Workshop: toolkit for MVI issues in the high tech
Where do you start when you want to explore possible ethical and societal issues arising from your innovation? During a workshop organised by TKI HTSM and NWO-MVI on 30 November 2017, Peter-Paul Verbeek and Nico Nijenhuis presented the toolkit they developed to tackle this problem.
‘In a joint NWO Responsible Innovation project between Twente University, UAV International and Clear Flight Solutions we developed this tool to think through the ethical and societal aspects of drone technology,’ explains Peter-Paul Verbeek, professor of Philosophy of Technology and co-director of the DesignLab of the University of Twente. ‘We think this might be useful for other technologies as well.’ Together with Nico Nijenhuis, CEO at Clear Flight Solutions, he guided the audience through the tool and offered the participants the opportunity to gain hands-on experience with the test case of using birdlike drones to catch poachers in African wildlife parks.
Participants in the workshop each have their own reason to attend. Andrew Hall, advisor at BeteoR: ‘Our organisation advises clients about change management. Since Responsible Innovation is an upcoming field, it is good for us to keep pace with the latest developments.’ Benno Aalderink, senior applied research engineer at Demcon Advanced Mechatronics: ‘We want to focus more on Corporate Social Responsibility. I am looking for ways to do this in a structured way.’
Nico Nijenhuis explains there can be different reasons for a company to want to invest time and money into responsible innovation. ‘When you are proactive and anticipate on the public perception of a technology, you can increase the chance that your product will be successful and socially accepted. But also it can be good for your company to improve your position in society when you show that you are thinking about possible implications for society and environment, and try to optimize them.’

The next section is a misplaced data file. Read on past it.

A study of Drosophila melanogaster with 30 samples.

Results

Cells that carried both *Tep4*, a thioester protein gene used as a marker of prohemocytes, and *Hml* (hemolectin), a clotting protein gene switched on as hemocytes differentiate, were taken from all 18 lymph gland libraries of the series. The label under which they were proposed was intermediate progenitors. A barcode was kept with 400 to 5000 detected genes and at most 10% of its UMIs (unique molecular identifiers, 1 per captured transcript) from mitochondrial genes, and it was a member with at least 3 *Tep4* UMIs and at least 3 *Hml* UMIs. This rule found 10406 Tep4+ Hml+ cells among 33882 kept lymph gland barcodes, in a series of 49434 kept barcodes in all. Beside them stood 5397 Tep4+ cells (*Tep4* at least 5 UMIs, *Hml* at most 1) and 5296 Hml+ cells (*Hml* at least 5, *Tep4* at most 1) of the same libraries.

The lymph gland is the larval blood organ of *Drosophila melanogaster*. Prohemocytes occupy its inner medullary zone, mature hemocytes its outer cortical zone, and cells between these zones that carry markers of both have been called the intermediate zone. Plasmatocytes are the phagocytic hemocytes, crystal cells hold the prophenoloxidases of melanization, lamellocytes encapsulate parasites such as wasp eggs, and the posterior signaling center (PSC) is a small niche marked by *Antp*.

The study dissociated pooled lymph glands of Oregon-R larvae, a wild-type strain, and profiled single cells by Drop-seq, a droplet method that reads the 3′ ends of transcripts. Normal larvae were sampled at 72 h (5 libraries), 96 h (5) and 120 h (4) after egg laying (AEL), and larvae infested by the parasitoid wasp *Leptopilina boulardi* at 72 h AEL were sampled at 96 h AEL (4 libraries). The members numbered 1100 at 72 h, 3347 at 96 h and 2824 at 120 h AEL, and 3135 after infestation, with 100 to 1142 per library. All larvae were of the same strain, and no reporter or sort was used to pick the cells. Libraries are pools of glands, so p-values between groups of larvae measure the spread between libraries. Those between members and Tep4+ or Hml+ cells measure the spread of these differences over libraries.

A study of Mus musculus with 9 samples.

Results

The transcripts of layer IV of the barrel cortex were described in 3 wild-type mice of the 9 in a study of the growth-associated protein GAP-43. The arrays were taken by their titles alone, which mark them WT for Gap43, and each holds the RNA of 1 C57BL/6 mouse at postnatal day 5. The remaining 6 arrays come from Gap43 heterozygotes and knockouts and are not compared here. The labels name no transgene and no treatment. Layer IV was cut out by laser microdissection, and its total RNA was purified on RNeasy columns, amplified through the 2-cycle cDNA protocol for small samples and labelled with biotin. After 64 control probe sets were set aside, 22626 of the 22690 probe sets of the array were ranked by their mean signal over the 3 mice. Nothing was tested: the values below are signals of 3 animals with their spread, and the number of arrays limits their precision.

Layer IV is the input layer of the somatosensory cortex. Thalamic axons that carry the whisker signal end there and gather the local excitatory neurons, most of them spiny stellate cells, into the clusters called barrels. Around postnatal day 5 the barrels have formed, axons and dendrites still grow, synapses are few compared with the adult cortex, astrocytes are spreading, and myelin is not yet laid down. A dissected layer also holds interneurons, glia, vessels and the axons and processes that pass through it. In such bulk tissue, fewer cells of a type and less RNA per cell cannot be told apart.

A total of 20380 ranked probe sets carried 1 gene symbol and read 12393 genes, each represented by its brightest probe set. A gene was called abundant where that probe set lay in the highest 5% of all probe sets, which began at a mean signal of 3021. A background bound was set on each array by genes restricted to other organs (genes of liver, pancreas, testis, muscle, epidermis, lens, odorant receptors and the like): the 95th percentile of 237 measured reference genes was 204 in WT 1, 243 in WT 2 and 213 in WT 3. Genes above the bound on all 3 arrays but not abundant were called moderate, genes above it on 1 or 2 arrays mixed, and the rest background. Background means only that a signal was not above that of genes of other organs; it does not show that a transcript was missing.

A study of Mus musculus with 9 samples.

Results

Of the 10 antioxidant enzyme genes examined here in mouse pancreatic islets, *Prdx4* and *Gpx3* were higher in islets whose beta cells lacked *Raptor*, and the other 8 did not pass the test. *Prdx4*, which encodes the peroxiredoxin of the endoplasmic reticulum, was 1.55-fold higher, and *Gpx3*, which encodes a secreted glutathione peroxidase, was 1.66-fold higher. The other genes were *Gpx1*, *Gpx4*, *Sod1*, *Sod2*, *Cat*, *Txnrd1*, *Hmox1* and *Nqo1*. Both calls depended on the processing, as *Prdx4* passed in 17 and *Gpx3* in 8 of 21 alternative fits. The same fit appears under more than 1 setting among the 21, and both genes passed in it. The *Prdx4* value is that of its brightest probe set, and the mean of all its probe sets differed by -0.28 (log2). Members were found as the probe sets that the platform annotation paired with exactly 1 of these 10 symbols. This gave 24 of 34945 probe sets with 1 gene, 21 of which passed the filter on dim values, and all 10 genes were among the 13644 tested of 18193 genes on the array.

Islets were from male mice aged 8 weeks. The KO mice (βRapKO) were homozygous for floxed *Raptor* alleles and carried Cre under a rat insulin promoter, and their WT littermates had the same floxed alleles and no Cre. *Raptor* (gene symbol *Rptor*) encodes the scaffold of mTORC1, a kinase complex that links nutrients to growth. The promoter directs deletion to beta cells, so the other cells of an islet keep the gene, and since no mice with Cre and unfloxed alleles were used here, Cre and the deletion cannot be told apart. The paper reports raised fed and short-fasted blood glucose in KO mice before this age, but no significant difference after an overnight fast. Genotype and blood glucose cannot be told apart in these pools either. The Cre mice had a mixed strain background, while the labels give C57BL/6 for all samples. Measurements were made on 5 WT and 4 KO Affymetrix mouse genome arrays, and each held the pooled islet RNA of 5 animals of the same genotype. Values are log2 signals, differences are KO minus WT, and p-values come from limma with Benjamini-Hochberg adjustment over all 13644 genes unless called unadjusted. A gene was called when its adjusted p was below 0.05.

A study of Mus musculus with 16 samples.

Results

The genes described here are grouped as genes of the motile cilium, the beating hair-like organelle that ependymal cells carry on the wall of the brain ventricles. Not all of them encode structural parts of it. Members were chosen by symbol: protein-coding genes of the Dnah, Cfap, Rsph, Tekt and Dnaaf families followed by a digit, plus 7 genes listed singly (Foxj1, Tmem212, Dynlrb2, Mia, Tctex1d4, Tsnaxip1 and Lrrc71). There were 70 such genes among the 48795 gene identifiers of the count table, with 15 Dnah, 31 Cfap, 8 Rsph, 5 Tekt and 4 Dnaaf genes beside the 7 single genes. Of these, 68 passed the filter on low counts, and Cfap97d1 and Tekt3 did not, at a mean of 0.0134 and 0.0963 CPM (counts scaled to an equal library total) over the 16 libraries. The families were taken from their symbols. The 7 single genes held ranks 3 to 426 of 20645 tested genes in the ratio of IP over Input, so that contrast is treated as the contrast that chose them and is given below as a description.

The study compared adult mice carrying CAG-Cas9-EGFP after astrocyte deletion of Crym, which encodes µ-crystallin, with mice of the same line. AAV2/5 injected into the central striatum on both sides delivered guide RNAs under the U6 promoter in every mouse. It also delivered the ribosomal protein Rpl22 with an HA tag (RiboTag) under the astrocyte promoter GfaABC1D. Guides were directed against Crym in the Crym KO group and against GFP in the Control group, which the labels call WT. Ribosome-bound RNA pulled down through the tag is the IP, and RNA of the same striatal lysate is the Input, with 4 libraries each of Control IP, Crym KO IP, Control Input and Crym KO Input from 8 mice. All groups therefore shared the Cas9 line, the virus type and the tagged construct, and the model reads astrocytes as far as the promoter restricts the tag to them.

The tool consists of three different steps, each containing a list of questions to be answered, Peter-Paul Verbeek explains. ‘We start with mediation, which is a way of analysing the impact of the technology. What does the technology do? Who is influenced by it, and in what way? The next step is to carry out a risk analysis that leads to an evaluation of the ethical aspects. What is the impact on different values like privacy? Will the technology impose a threat for social or religious values? And the third step is to think about the impact of and on existing and future legislation.’
The audience certainly sees the potential of the toolkit. Andrew Hall: ‘For me, a useful toolbox should be more compact and to the point, but this is a nice beginning.’ Benno Aalderink: ‘This toolbox can certainly be useful, but it needs some tweaking before it is applicable for the projects we are working on. For me, it could be more general, and easier to use.’ Carlo van Pelt (TechAlive! Marketing) has a suggestion: ‘Indeed, the current toolbox seems rather comprehensive to me. Perhaps it is a good idea to make a quick scan version of it.’ Peter-Paul Verbeek welcomes this idea, and says he will look into the possibilities.
Where to find the tool?
Ton Vermeulen (Stichting Maatschappelijk Ondernemen) asks the only question left: ‘If you are interested in using this toolbox, where can you get it?’ Nico Nijenhuis answers: ‘Contact either Peter-Paul or myself. We are planning on organising more of these workshops through the Designlab of Twente University in the space53 programme.’